IMF says the world needs to commit $50 billion to combat the pandemic

The International Monetary Fund, IMF, says that the world would need $50 billion to fight the pandemic. It proposes that the commitments from the various countries and agencies can include grants, resources, and concessional financing by the various government bodies.

The aim is to vaccinate at least 40 percent of the population in all countries by the end of 2021 and at least 60 percent by the first half of 2022. And to ensure widespread testing and tracing, maintain adequate stocks of therapeutics, and enforce public health measures in places where vaccine coverage is low.

Out of these $50 billion grant financing, contribution can be of at least $35 billion. Fortunately, G20 governments have already agreed to address the $22 billion grant funding gap noted by Covid fighting agencies run by the WHO. This leaves an estimated $13 billion in additional grant contributions needed.

International Monetary Fund COVID Pandemic Report Economic Outlook

The remainder of the overall financing plan—around $15 billion—could come from national governments, potentially supported by COVID-19 financing facilities created by multilateral development banks, the IMF said in its report released at a virtual G20 Health Summit on Friday.

The world monetary body suggests that countries with sufficient vaccines could afford to donate 1 billion doses in 2021. The vaccine donations can end the pandemic faster, saving millions of lives and yielding economic benefits of about $9 trillion to global gross domestic product by 2025, it estimated. “In the absence of urgent actions, many emerging and developing economies may have to wait until the end of 2022 or later to bring the pandemic under control,” the IMF warned. “That will be too late not just for those countries but also for the world.”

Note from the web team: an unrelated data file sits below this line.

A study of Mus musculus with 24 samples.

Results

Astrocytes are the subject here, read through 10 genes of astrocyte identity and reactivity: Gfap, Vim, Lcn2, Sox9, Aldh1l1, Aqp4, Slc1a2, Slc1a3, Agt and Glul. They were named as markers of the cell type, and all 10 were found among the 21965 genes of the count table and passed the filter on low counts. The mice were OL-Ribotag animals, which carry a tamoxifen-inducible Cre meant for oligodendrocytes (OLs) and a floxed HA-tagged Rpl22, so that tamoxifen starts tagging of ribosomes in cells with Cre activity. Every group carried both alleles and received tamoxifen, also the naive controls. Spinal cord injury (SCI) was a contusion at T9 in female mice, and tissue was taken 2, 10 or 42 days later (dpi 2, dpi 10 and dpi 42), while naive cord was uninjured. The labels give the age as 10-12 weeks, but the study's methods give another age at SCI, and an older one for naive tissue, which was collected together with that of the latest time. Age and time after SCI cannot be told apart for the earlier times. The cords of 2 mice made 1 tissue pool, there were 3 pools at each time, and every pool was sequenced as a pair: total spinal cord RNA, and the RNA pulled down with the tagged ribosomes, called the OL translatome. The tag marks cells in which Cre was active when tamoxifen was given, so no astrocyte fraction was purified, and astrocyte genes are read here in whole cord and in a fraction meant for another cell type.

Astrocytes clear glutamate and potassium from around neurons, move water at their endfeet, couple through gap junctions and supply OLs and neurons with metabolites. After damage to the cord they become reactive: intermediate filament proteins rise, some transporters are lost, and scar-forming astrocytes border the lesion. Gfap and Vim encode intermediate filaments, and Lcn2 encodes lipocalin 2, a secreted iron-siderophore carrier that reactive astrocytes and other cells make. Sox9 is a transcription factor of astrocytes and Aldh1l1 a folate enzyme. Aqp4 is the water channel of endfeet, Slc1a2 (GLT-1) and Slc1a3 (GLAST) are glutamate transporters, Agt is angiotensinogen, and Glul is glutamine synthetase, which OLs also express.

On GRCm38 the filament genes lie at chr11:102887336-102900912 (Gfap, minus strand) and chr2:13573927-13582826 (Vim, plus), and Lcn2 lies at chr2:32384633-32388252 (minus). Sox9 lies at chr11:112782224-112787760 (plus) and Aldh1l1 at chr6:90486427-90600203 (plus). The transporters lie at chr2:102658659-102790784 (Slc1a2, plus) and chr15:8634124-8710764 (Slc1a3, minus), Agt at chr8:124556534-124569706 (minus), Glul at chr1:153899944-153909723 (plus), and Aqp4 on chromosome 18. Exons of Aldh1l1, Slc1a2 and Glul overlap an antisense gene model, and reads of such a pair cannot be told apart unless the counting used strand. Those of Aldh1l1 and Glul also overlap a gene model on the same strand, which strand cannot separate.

The IMF estimates countries have already spent $16 trillion in supporting households and businesses during the pandemic. The biggest impediments to better vaccine rollouts in various countries, believe health experts, are logistics and domestic politics.

Ursula von der Leyen, European Commission president, said that the EU would donate at least 100 million vaccines to poorer countries by the end of the year, including 30 million doses each from Germany and France. Pfizer and BioNTech also pledged to supply 1 billion cut-price doses to poorer nations in 2021 and a further 1 billion in 2022. 

To date, about 1.6 billion vaccinations have been administered worldwide out of a global population of almost 8 billion, according to Financial Times data. While the US and UK have vaccinated 60 percent of their population, most African countries have immunized less than 1 percent of their population.

There are fears that the mutating virus that are spreading across some southeast Asian countries such as India will undermine the efficacy of existing shots and that the pandemic could drag on subsequently, even if the manufacturing and supply hurdles are overcome.

Thomas Bollyky, a senior fellow at the US Council on Foreign Relations, said the IMF proposal was “useful for prodding people to think about what’s needed” but hey added that the challenge was not about finances and money but how the willingness of the world leaders to put the needs of the people globally ahead of political and domestic compulsions.

Anna Domanska
Anna Domanska is an Industry Leaders Magazine author possessing wide-range of knowledge for Business News. She is an avid reader and writer of Business and CEO Magazines and a rigorous follower of Business Leaders.